Maybe Dead...

Senator Shelby (R-AL) and 4 others have threatened to filibuster the bridge loan bill. There are 49 Republican senators, and 51 Democrat/Independents. But of the 51, 3 are off duty: Biden, Clinton, and Obama. It isn't clear if the Democrats have enough support to get cloture, so there is a good chance that the Southern Republicans will get their wish--Chapter 11 for GM and Chrysler.

Here's the video: CNBC

The Southern Republicans are determined to bust the UAW. Here is the outline of their plan. An excerpt (red text is my emphasis):

What We Should Be Doing: The American Automotive Reorganization and Recovery Plan

Hard Benchmarks:

On December 2, the Big Three presented to Congress their plans for restructuring. While the plans included laudable goals, too few details were provided ...

The Big Three must lock in the restructuring they have promised in a matter of weeks, not months or years. Congress should instead establish firm benchmarks and a tight timeline for restructuring. Such benchmarks will include for example requiring that by March 31, 2009 each company should reach agreement whereby:

•The companies’ creditors agree to a framework to reduce each company’s indebtedness by at least 1/3.

•The UAW holds to concessions already made and further:
o Concedes the elimination of Supplemental Unemployment Benefits;
o Concedes elimination of the Jobs Bank Program;
o Agrees to either reduce company retiree health care obligations or otherwise convert a portion of such obligations into equity; and
o Agrees to reduce wages and benefits to the levels paid by non-Big Three manufacturers.

A Process for Reaching Expedited Agreement, Instead of Nationalizing America’s Auto Companies

Because of the many legal and contractual hurdles to restructuring, the companies are urged to accomplish their restructuring through the use of a pre-packaged bankruptcy or another mechanism to bring all stakeholders to the table for an agreed-upon determination of their future. It is important that these stakeholders reach reasonable compromises amongst themselves. Creating a government bureaucracy or a “car czar” to arbitrarily pass judgment on the thousands of details involved with a restructuring is akin to nationalizing the auto companies.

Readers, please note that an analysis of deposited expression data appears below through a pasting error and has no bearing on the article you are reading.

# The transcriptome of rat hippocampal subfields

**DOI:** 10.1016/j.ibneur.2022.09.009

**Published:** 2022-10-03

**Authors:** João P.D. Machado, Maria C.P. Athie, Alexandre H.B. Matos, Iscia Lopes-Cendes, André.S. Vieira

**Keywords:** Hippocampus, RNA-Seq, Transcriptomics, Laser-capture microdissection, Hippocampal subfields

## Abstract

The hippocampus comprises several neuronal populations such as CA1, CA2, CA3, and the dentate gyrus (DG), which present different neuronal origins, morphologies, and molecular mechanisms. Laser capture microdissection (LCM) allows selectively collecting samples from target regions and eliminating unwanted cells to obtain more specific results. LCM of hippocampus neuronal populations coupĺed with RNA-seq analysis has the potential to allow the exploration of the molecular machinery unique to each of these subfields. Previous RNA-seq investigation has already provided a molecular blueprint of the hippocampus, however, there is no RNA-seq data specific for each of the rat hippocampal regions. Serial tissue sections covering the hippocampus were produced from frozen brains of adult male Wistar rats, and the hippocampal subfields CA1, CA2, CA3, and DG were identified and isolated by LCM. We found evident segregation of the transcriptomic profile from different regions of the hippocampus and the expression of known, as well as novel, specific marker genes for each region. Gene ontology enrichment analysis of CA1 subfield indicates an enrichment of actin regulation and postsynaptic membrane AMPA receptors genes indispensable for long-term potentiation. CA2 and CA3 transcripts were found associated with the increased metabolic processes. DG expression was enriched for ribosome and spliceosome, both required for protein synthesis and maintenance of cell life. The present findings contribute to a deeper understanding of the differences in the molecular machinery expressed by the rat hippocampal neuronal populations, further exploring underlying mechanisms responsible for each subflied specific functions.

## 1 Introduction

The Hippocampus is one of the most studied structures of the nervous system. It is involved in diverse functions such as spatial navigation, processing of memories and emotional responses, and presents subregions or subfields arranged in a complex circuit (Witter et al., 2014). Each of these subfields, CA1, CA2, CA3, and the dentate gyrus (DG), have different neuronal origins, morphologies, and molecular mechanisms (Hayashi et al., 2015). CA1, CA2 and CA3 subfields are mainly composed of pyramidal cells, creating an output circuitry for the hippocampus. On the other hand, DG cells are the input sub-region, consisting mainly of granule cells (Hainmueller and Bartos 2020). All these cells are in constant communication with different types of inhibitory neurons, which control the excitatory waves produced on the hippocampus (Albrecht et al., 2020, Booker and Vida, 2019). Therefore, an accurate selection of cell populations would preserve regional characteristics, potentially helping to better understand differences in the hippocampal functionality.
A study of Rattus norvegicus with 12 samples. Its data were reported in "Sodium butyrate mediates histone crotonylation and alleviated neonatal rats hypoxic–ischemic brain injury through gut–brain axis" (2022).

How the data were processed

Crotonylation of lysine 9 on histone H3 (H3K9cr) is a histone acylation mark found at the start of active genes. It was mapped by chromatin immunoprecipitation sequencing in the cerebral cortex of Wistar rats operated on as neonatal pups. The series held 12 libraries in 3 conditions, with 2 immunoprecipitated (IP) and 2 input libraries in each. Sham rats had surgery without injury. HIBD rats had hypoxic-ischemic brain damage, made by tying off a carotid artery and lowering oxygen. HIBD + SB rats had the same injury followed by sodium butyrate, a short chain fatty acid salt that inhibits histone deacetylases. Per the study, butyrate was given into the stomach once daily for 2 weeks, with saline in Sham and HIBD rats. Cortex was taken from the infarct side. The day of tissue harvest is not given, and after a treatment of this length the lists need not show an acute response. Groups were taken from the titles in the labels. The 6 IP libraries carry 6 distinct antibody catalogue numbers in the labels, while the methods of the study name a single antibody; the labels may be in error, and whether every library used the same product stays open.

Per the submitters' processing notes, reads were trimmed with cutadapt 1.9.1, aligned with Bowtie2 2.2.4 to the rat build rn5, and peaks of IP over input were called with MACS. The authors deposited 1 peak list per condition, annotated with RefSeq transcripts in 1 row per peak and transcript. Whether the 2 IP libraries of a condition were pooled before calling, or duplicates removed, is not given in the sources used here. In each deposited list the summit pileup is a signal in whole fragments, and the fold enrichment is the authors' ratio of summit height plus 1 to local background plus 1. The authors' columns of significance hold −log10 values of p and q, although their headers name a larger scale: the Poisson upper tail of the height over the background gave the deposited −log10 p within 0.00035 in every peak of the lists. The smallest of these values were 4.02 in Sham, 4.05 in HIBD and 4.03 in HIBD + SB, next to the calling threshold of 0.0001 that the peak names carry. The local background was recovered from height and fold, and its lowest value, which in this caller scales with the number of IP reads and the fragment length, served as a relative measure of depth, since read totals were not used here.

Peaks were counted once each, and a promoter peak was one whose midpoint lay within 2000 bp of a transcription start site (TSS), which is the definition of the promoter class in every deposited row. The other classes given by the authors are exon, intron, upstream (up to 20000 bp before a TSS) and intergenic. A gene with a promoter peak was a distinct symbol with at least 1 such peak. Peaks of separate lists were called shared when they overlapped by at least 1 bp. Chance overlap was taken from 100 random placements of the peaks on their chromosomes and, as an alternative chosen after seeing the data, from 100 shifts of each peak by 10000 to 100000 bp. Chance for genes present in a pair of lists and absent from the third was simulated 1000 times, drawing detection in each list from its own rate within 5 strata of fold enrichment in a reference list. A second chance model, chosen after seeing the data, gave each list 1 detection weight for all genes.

Interim Financing: Insurance, Rather than a Taxpayer-Funded Bailout

The Big Three may need some form of interim financing as they finalize their restructuring. In normal economic times, if their restructuring plan is considered viable, such financing should be available in the private market. Because of the current credit crisis, limited assistance may be appropriate in the form of insurance, rather than a taxpayer-funded government bailout that replaces private investment. We propose that the government provide insurance, funded by the participants with a modest FDIC-like fee, which would cover up to 50 percent of the losses of new investment in the case of default, helping to unlock immediate private investment (not unlike debtor in possession financing). Such insurance would expire on March 31, 2009. This proposal ensures that taxpayers are protected and provides a powerful incentive for the Big Three to quickly implement their restructuring plans.
So they are basically saying, 1) break the UAW, and 2) soak the creditors, while offering a 50% insurance policy against default to try to attract private investment.

It's the "private investment" part that worries me.